Thoughts of Utah Jazz Radio Play-By-Play Announcer David Locke
EMPTYING THE NOGGIN—Bad matchup for the Jazz
Bad night for the Jazz. Bad matchup for the Jazz. Minnesota and Cleveland are similar—they are bad fast-break defensive teams who don’t defend the paint or the restricted area well. The Jazz are not capable of taking advantage of those areas, and in turn Minnesota and Cleveland suddenly look much better than they are and we look worse than we are.
The Jazz went 14-for-29 from deep, 11-for-25 in the paint and 3-for-26 from mid-range. This is somewhat how Cleveland defends. They are one of the worst teams in the NBA at preventing 3-point shots. So what do you do? The Jazz were getting threes and hitting them. Then they went away from it because at some point you have to get into the paint … or are you just playing into their hands? The Jazz went 6-for-7 in the first quarter from three and then in second went 2-for-6 and in the third they were 3-for-6 again before falling to 3-for-10 in the fourth quarter. But the real issue is that the Jazz didn’t make their 2-pointers or their paint shots. In the second quarter, they went 2-for-7 in the paint (and 1-for-7 from mid-range). In the third quarter, the Jazz went 4-for-8 in the paint (and 0-for-7 from mid range). And in the fourth quarter, the Jazz went 2-for-5 in paint (and 1-for-5 from mid-range).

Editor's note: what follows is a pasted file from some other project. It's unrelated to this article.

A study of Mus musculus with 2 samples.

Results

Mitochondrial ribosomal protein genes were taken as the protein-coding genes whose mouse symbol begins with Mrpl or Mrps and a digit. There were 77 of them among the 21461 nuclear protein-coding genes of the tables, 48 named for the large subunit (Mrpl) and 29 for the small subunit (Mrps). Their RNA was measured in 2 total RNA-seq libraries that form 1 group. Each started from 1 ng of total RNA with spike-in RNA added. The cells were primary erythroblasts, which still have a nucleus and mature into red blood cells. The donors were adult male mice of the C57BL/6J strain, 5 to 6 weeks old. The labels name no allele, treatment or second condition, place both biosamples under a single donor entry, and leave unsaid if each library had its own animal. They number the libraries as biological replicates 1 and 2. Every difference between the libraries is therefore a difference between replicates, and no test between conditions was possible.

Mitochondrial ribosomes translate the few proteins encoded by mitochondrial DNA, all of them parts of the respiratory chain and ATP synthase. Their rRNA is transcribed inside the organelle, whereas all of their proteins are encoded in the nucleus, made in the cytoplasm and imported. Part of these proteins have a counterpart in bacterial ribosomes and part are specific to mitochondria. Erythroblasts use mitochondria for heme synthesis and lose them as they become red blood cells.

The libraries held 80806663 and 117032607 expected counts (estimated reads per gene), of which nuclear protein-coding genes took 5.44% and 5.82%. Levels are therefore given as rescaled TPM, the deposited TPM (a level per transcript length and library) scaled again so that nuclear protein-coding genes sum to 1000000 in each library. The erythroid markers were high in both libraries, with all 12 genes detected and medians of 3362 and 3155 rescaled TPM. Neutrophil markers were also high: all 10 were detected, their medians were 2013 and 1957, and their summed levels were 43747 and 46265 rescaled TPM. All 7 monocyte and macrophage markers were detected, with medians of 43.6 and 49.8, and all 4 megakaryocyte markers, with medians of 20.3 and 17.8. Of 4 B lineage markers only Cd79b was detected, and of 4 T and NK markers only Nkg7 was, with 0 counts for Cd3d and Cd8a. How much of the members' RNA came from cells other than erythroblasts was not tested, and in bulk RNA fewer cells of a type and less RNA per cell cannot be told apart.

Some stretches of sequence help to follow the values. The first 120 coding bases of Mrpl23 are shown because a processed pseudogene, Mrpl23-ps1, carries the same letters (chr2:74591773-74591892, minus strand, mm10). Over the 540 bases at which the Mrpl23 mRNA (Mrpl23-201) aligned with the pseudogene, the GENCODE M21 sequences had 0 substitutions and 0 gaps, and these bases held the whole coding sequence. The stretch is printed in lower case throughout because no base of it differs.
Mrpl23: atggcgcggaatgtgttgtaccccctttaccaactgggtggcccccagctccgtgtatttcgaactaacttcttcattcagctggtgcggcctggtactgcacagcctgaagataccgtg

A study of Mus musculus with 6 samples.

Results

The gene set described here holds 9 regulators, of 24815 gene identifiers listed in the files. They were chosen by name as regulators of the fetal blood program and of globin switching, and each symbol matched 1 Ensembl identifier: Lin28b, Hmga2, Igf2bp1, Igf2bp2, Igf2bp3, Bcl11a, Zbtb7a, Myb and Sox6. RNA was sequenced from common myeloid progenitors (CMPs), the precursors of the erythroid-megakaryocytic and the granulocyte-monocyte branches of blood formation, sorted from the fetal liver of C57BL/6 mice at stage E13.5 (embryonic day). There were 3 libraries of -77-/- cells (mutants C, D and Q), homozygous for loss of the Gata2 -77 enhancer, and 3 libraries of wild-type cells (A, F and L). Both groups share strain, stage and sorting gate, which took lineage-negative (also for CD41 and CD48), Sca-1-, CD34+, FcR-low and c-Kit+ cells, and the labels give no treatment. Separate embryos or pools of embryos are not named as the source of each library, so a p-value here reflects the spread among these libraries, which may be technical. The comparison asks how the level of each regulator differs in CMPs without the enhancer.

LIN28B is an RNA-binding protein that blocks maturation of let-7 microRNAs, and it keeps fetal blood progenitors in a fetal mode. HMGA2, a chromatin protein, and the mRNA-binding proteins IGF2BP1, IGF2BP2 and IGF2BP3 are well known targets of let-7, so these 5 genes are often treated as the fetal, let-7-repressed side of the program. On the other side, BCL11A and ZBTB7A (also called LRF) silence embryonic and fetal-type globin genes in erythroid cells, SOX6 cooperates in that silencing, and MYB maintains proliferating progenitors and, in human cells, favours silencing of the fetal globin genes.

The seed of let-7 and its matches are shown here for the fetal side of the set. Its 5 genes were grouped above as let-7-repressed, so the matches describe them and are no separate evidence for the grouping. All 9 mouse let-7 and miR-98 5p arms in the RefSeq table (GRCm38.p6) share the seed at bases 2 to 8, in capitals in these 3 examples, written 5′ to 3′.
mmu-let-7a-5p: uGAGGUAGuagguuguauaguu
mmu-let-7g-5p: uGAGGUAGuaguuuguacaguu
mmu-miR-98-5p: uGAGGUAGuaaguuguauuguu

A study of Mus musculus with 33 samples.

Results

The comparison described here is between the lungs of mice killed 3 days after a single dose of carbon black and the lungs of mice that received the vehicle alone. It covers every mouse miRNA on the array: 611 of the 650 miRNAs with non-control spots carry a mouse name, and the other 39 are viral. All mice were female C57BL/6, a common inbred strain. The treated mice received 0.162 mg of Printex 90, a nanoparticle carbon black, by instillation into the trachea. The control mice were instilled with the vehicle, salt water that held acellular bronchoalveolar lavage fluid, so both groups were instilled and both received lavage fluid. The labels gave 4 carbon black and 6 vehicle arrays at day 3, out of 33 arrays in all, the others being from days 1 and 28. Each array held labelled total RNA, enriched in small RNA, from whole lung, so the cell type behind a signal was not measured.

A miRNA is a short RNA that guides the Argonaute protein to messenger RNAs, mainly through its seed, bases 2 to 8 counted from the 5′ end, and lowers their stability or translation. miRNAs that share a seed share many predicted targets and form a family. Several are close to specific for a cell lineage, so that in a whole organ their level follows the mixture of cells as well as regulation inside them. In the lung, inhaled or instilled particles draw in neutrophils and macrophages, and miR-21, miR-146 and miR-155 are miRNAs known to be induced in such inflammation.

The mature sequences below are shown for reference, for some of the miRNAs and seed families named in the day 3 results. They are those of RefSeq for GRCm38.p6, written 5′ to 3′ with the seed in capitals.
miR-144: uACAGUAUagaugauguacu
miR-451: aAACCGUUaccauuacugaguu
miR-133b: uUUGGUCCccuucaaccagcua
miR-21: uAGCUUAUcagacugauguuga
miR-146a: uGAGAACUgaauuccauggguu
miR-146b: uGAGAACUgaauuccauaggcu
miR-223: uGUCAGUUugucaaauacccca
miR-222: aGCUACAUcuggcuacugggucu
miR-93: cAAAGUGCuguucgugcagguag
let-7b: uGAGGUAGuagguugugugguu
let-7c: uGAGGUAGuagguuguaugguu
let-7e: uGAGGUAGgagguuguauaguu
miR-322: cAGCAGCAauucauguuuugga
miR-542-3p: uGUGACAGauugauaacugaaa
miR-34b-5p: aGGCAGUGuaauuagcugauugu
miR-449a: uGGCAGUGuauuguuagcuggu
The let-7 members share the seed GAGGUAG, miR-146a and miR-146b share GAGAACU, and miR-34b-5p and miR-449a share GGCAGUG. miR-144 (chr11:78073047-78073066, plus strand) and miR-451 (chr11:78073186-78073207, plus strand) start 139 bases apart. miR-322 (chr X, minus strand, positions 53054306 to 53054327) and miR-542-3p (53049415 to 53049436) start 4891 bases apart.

Gordon Hayward had another strong game and opened it by hitting three 3-pointers in the first quarter. He added seven rebounds and seven assists to his 18 points. He also had two steals and two blocks.
Trey Burke’s no-free-throw streak continued. He has taken four free throws (two techs and one foul on a defensive rebound) in 488 minutes. He averaged five a game in college.
In the first half, the Cavs were 5-for-15 in the paint when Favors was in the game and 5-for-8 when he was on the bench, but from the opening of the third quarter on, the Jazz didn’t put up any defensive resistance.
Utah’s a very slow-paced team. They had some early opportunities in the first half but then slowed to a halt as the game went on—and the half court offense also left.
The bench unit had a very poor second quarter.
Kyrie Irving is really good. The Jazz dealt with him well in the first half—he was 2-for-8 and feeding others rather than getting himself going, but that all changed in the third quarter (similar to the game in Utah).
The Cavaliers fronted the post after the first quarter when Favors got deep position on some post-ups and the Jazz couldn’t take advantage. They tried to go high-low and they tried to swing it, but it never materialized.
Alec played a little at the point. Kanter and Favors played together. Corbin tried a little bit of everything and none of it worked.
Burks’ mid-range shooting from the left side is an issue for him.
Brandon Rush was disengaged in his first appearance in a few games and got pulled quickly.
Poor night. It doesn’t get any easier with the vaunted Indiana defense up next.